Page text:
14 October 2016

Michael Hall awarded honorary doctorate from the University of Geneva

Prof. Dr. Michael N. Hall. (Image: University of Basel, Biozentrum)
Prof. Dr. Michael N. Hall. (Image: University of Basel, Biozentrum)

The University of Geneva has awarded the biochemist Michael N. Hall, from the Biozentrum of the University of Basel, an honorary doctorate. With this distinction, the university is recognizing his outstanding scientific achievements and his continued commitment to the institution.

At a formal ceremony on Dies academicus, the “Day of the Academics” celebrated annually, Prof. Michael N. Hall was awarded the highest distinction from the University of Geneva: Doctor honoris causa. The honorary doctorate is in recognition of both his extraordinary scientific achievements and his sustained commitment to Geneva’s university in various capacities, including serving on the Louis-Jeantet Foundation Council and the External Scientific Advisory Board of the Faculty of Medicine, as pointed out by the Dean of the Medical Faculty Prof. Henri Bounameaux.

“It is a great honor to be recognized by the University of Geneva,” says Hall, who, for almost 30 years, has been conducting research and teaching at the Biozentrum of the University of Basel. “To be recognized by one’s peers is the highest honor a scientist can receive. Of course, it is also recognition of the many talented students, postdocs and colleagues with whom I have had the good fortune to work,” says Hall. “The University of Geneva is outstanding and it is gratifying to know that I was able to serve such an institution. Finally, to receive an honorary doctorate from Geneva has extra meaning personally because Switzerland is my adopted country - it makes me feel a little more Swiss.”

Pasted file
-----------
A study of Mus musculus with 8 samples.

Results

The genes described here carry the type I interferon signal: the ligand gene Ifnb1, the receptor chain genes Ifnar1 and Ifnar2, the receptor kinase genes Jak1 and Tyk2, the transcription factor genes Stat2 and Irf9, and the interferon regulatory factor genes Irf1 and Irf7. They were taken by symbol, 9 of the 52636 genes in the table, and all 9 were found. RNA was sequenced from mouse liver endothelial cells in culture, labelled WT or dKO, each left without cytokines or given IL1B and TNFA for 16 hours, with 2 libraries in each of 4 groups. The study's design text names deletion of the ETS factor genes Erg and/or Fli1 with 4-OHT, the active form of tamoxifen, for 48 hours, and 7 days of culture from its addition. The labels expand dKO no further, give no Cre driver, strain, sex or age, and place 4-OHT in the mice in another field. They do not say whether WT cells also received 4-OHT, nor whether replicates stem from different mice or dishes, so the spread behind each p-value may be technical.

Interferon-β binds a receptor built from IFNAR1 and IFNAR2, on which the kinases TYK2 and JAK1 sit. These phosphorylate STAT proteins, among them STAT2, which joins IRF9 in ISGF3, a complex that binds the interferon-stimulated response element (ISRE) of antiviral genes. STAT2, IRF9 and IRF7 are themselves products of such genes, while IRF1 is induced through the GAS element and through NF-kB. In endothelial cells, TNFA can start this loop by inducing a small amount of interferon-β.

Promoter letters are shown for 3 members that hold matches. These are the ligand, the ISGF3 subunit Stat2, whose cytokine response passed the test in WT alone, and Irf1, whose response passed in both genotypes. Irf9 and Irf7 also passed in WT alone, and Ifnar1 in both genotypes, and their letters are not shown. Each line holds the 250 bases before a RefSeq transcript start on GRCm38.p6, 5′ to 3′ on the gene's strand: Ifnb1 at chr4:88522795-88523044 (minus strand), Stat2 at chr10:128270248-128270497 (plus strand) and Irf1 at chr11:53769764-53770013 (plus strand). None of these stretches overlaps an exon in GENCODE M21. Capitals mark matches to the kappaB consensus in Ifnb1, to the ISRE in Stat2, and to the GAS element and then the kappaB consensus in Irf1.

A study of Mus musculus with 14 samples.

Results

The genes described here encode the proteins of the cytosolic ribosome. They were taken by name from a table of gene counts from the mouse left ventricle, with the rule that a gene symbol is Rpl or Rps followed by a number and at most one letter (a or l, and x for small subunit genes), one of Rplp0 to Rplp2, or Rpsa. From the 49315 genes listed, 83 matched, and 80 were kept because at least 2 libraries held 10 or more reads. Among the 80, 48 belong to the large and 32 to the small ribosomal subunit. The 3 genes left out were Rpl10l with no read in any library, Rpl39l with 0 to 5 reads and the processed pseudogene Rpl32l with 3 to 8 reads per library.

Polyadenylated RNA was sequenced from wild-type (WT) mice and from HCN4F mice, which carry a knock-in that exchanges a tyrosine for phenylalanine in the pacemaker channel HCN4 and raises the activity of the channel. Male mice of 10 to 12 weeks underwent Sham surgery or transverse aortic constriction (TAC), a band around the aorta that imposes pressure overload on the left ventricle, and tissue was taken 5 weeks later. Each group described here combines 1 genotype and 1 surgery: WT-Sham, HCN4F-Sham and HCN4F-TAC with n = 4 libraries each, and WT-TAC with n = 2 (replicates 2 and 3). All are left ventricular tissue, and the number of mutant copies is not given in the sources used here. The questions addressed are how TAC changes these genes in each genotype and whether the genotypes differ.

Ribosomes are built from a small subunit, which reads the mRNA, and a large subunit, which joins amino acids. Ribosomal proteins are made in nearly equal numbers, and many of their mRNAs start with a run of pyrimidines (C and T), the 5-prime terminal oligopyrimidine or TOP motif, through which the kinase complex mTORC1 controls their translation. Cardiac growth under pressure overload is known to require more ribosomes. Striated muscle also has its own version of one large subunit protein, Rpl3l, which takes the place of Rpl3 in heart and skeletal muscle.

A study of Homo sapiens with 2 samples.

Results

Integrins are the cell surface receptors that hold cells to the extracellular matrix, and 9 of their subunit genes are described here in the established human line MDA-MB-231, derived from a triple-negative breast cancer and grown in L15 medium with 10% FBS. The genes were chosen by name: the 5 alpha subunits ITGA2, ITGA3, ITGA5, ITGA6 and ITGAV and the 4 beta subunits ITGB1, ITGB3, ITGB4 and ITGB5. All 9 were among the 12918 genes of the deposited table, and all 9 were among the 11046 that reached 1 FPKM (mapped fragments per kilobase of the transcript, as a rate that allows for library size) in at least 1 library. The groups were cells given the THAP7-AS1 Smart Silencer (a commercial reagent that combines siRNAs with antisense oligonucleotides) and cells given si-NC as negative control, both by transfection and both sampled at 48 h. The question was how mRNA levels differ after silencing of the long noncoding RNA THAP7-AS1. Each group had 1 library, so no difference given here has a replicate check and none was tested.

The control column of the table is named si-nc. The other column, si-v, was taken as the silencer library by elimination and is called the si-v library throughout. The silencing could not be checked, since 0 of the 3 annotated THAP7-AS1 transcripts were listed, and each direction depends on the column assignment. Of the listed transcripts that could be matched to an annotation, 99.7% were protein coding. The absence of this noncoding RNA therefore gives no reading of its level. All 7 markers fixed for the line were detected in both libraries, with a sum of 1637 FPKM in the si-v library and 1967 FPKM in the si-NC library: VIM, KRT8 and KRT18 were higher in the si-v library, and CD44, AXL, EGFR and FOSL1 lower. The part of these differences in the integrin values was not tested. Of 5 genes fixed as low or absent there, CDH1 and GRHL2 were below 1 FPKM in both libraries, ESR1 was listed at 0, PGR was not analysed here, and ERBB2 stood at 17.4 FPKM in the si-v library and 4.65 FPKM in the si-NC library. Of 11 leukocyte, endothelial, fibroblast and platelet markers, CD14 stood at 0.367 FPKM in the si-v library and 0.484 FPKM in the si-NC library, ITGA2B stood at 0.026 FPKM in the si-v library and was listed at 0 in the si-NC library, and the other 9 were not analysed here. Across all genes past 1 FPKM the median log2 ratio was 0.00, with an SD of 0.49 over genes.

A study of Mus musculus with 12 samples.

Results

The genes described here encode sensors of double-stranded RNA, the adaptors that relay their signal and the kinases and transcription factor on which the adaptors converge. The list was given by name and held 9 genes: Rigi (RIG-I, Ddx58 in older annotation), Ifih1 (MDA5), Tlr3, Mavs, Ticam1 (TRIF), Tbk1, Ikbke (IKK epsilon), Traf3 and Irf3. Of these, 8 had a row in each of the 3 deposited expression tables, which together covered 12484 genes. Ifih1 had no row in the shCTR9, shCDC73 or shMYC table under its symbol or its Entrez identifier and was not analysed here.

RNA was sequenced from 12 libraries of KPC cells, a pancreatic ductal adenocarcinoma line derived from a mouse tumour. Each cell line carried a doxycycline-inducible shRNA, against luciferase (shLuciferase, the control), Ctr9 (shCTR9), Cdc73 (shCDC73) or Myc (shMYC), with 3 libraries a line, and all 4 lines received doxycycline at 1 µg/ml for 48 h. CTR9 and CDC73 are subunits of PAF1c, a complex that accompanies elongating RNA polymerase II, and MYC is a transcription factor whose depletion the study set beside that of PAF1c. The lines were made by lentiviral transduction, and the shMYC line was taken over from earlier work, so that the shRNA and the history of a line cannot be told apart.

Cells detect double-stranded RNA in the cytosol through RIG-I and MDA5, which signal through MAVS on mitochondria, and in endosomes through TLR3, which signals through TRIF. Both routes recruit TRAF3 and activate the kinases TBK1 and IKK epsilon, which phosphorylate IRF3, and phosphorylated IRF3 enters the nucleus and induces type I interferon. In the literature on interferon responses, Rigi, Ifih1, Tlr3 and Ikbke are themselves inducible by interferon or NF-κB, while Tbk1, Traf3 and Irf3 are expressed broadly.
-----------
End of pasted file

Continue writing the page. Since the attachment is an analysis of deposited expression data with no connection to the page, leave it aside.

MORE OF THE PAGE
TOR – A key protein

How does a cell know what size it should become? How exactly is its growth controlled? These are questions that Hall is investigating in depth in his research. The great breakthrough, which has earned Hall so many distinctions in the last years, took place about 25 years ago. He discovered a protein in yeast that was inhibited by the anti-cancer agent rapamycin. This also led to the protein’s name TOR – target of rapamycin. Later Hall and colleagues discovered that TOR is indeed the key regulatory element of cell growth and is not only found in yeast but also in higher organisms such as mammals.

“For me, the most significant finding”, says Hall, “was that there is a separate, independent signaling pathway controlling cell growth.” Uncontrolled cell growth plays a major role in a range of diseases. Apart from cancer, also common disorders such as obesity, cardiovascular disease, diabetes or Alzheimer’s disease can be traced back to a malfunction of the TOR signaling network.